Is Your Workplace Environment Conducive to Collaboration? As younger employees join your workforce and older employees remain employed for longer, your organisation is likely to […]

Is Your Workplace Environment Conducive to Collaboration?

As younger employees join your workforce and older employees remain employed for longer, your organisation is likely to become more multigenerational. This diversity of age demographic presents leaders with many challenges that must be overcome. In this article, we examine seven of these challenges.

1. Age

There are many personal challenges associated with age, and these manifest in the workplace. Younger employees may desire more flexibility and the opportunity to work from home. Older employees may have more exacting wellness needs. Leaders should create the flexible workplace environment that addresses the needs of all employees.

2. Values

Our values are determined by many factors, including upbringing and experiences. Older generations have lived through the Cold War and economic strife. They were raised by parents who suffered war. They took part in civil rights movements. Younger generations have been at the forefront of technological advance, and are living with a future shaped by climate change.

Baby boomers expect millennials to have the same commitment to hard work and long hours. Millennials expect more flexibility and shorter hours in the office with greater autonomy. Leaders must manage these conflicting values, respecting all workers and helping each to understand and accept the different ways in which full contributions are made.

3. Workplace Relationship Issues

Older employees tend to be more conservative in their approach to workplace relationships. They have been conditioned that work is work, and personal issues should be left at the door. However, today mental health and wellbeing is considered of great importance. Employees are encouraged to discuss a wider range of issues, and organisations accept the overlap between personal and professional lives more readily. This can create friction between employees, as some wish to discuss subjects that others consider to be taboo.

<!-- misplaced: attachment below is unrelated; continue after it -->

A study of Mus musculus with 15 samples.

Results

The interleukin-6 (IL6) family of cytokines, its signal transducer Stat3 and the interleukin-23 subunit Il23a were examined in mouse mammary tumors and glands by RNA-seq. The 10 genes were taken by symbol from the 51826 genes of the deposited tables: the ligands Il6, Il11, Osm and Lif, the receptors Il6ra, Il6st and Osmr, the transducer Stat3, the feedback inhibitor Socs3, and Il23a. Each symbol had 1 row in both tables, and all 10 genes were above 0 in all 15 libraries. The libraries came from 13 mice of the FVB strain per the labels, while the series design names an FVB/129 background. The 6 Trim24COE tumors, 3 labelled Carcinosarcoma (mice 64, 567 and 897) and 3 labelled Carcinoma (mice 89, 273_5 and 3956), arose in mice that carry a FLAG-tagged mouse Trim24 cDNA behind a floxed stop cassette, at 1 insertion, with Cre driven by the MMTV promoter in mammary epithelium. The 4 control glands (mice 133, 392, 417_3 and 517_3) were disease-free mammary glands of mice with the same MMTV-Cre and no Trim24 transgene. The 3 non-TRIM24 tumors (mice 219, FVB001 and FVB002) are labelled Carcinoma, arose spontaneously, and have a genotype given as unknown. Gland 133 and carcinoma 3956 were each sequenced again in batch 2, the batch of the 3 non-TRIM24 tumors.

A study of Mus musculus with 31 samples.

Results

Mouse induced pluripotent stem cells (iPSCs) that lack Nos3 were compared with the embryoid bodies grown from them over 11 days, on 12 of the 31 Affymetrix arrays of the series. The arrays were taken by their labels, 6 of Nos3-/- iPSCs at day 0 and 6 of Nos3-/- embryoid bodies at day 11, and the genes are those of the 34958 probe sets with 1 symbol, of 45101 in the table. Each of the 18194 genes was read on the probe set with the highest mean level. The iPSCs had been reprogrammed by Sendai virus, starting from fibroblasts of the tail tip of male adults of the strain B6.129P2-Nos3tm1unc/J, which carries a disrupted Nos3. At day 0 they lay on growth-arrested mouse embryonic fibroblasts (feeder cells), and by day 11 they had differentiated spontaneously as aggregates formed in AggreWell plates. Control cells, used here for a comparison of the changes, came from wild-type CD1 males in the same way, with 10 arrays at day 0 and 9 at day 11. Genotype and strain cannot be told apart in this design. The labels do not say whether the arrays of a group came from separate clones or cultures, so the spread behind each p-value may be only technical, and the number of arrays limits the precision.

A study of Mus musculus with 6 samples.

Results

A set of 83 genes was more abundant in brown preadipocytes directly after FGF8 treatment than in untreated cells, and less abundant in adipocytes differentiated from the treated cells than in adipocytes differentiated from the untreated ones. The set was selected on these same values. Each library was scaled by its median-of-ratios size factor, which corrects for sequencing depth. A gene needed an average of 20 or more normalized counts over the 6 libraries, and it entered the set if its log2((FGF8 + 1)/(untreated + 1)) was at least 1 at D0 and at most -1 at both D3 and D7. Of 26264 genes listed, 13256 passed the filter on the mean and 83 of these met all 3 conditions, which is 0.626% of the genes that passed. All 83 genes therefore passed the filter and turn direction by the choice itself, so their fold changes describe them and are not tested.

Organisations are combatting this challenge by providing ‘safe spaces’ where controversial subjects may be discussed openly, and equipping managers with the skills to carefront rather than confront conflict between work colleagues.

4. Feedback

The need for feedback differs between generations. Younger employees tend to thrive on constant feedback, whereas older workers require less. For older employees, feedback should be given when necessary, not when desired.

How does a leader know how often to give feedback? Ask each employee, and set a schedule for them. Remember, though, that continuous communication leads to healthier relationships, and less confusion when honest truths are finally revealed.

5. Preferred Communication Styles

The communication preferences of different generations stretch from the millennials’ use of social media and digital communication channels, to the baby boomers’ desire for face-to-face conversation or email.

An organisation must establish how best to communicate, and set a strategy that embraces all preferences. For example, a team meeting may be followed up by a video summary posted to employees’ email inboxes or on the company’s intranet.

6. Dress Code

Older workers are used to the formality of workwear. It helps them draw a line between their professional self and their personal self. Younger workers are more likely to wish to wear the same clothes in the office as they would outside. While many organisations have relaxed their dress code, many have not. This can cause conflict between employees and management.

While there is no single correct answer to dress code – often it is part of the DNA of an organisation – it is important that, while a workplace may not have a uniform, workplace dress code is uniform and observed consistently by all.

7. Perceptions of Work Ethics

Older generations often accuse younger workers of having poor work ethics. However, perception of work ethic varies between generations.

Older employees are more likely to remain at work until their work is complete before leaving for home. They see younger employees leaving before their work is complete and believe that this is indicative of a poor work ethic. However, these younger employees – often more digitally adept – may be working remotely from home, where they feel more relaxed and productive.

Organisations may combat these perceptions by managing by performance and introducing workplace project management systems to routine. Taking this action often helps people to work more collaboratively and understand that being office based is not always necessary to be productive.

In Summary

In multigenerational workplaces there is a wide diversity of values, preferred communication styles, mental wellbeing issues and preferred methods of working. Differences even stretch to how employees dress for work.

When leaders understand the different characters of each generation, they will more easily discover the strengths of each generation and use these to improve collaboration. To build a cohesive team, managers must create a workplace environment that allows all generations to contribute fully and embrace the qualities of their work colleagues.

Contact us today, and discover how we could help your managers and leaders be more effective in developing multigenerational teams and foster the collaboration that delivers high performance.